A new type of dance show is coming to Belhaven College Friday, May 20. Belhaven's dance department has teamed up with Methodist Rehabilitation Center, the USA International Ballet Competition and VSA Arts of Mississippi (Formerly Very Special Arts) to present "Tunes, Tutus, and Turning Wheels." What makes the performance unique is that, along with local dance artists, it features dancers who use wheelchairs.
Tom Burnley of Madison, Sheila Burnham of Madison and Randy Lavender of Tupelo will perform, as well as five Belhaven dance students and one Jackson-area high school student, Scarlett Wynne. Chairwoman of the Belhaven dance department Cynthia Newland, has previous experience choreographing for people with disabilities, having worked in the past with Joni Erickson Tada's organization "Joni and Friends."
This performance, free to the public, is made possible through funding from the Mississippi Paralysis Association and the central office of VSA arts. The show will feature recorded music from artists with disabilities, such as Derek Mortland, a guitarist who survived a motorcycle crash, and Renee Bondi, a singer who uses a wheelchair. The Mississippi Girlchoir's middle choir, Lyrica, directed by Erika Boyd, will perform live. Local singer/songwriter Doug Elzroth will also perform live.
V.A. Patterson, executive director of VSA arts of Mississippi, said: "Many people are denied the right to express themselves through dance because of a physical disability. We are so pleased to be a part of this project, which is giving people who use wheelchairs the opportunity to perform and to promote disability awareness to audiences across the state."
The performance will feature, "Prepositional Phrase," a dance that visually interprets familiar prepositions, while showcasing lighthearted interaction between those with and without disabilities. Also, the dancers will perform a piece titled "Sanctus," which weaves together themes of unity, religion and peace. Andy Leatherman, a sophomore Belhaven dance major from Dallas, spent last summer working at Camp Barnabas, a special-needs camp in Missouri. He believes Belhaven's dance department will continue to incorporate people with disabilities into their programs; "Cynthia said we need to keep these things going on. This is where her heart is and where mine is too."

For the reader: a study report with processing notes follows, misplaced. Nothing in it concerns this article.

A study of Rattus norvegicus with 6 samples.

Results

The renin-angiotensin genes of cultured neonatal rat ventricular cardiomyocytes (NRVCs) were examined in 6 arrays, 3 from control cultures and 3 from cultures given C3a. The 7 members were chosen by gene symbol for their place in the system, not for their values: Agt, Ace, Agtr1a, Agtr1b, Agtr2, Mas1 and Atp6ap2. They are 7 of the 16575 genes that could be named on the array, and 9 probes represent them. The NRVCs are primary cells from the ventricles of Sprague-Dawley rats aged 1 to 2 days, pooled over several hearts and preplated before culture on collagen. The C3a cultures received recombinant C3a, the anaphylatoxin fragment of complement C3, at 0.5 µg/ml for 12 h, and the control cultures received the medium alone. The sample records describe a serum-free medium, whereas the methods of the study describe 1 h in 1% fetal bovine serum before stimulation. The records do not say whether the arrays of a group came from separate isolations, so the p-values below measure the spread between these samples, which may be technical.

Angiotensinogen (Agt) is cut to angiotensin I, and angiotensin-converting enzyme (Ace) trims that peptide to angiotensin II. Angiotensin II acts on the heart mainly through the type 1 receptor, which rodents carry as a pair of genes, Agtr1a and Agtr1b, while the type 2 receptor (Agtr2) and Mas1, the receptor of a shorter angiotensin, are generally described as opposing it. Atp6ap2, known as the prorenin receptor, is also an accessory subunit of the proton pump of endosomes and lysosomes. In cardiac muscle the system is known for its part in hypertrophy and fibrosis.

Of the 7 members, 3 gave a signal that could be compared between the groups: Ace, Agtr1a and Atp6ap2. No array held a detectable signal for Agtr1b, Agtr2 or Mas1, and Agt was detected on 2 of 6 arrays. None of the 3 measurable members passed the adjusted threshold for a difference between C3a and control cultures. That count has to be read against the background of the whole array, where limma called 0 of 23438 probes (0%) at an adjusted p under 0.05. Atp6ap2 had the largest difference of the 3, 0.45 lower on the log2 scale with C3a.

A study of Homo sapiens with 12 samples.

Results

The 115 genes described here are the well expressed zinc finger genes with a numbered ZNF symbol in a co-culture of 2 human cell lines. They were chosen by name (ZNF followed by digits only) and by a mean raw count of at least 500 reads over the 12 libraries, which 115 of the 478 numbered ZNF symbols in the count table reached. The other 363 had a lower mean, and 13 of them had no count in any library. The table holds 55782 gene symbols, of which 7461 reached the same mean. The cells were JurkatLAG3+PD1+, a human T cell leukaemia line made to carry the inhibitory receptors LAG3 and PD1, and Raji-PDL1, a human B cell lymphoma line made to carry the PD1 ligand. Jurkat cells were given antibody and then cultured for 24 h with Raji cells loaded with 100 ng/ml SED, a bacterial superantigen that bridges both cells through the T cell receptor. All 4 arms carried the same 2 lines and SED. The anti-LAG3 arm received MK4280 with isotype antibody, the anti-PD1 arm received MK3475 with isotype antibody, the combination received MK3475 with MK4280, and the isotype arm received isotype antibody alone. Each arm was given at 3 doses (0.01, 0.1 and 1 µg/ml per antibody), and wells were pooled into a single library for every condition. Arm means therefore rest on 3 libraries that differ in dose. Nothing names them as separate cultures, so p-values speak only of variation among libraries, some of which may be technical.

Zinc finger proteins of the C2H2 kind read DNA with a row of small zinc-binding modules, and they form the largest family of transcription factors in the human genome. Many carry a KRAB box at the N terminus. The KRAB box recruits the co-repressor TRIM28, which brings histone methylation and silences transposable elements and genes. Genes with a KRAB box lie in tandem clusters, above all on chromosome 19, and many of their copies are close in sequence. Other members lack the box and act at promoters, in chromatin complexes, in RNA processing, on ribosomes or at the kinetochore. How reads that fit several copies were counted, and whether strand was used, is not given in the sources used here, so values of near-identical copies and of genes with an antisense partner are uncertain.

Amy Dick, a junior Belhaven dance major from Winchester, Va., explained, "We've tried to explore what's possible given our different abilities, and we've been able to meet people that we wouldn't have met otherwise. We've been given a glimpse into their world and seen ways that we can grow that we might not have ordinarily thought of."
When someone doesn't move and get circulation, it can hurt their immune system, and Leatherman said this type of thing is beneficial to disabled peoples' bodies. Tom Burnley, one of the wheelchair dancers performing at the event, said: "Since my spinal cord injury, I'm always thinking of reasons to be thankful, and my involvement in this is something I'm very thankful for. It's been enlightening and a lot of fun. It's been good for the spirit."
Because of the freedom the dancers are given to improvise and be creative, Leatherman said he enjoys this type of performance more so than typical performances. "There is not a codified language with this, like there is in ballet and modern dance. Dealing with different bodies, you have to tailor movement to the person. This deals with improvisation, being completely creative out of the blue."
While the ideas are cumulative, Leatherman said, the choreography is ultimately Newland's. Amy Dick said, "I've really enjoyed the experimental creative process we've used in rehearsals."
Burnley, who was involved in theater prior to his injury, "has always wanted to be a mover," Leatherman said. "It's really neat to watch him see what he can do, explore what he's capable of, and doing new things he's never done before."
During one piece, Burnley, who has a low injury affecting his balance, will be out of his chair and on crutches. "It's incredible, from a dancer point of view, dealing with this movement style," Leatherman said.
How did all of this come together? "Cynthia and I have been talking about getting a program for people in wheelchairs, and we've been working on that since last year," Leatherman said.
The other Belhaven dancers are Sarah Carey, a freshman dance major from Rochester, N.Y., Meg Ferris, a senior dance major from Nashville, Tenn., and Rachel Hellmuth, a sophomore dance major from Longview, Texas.
Newland said, "During rehearsals, we have laughed and learned a lot about our own varied abilities and how to communicate together using the language of dance. We hope this concert will stir the soul and the imagination as varied artistic expressions are presented in the forms of music, fine art and dance."
For more information about the performance, beginning at 7:30 p.m. at Belhaven's Center for the Arts on Riverside Drive, contact Nicole Bradshaw of the USA IBC at 601-355-9853.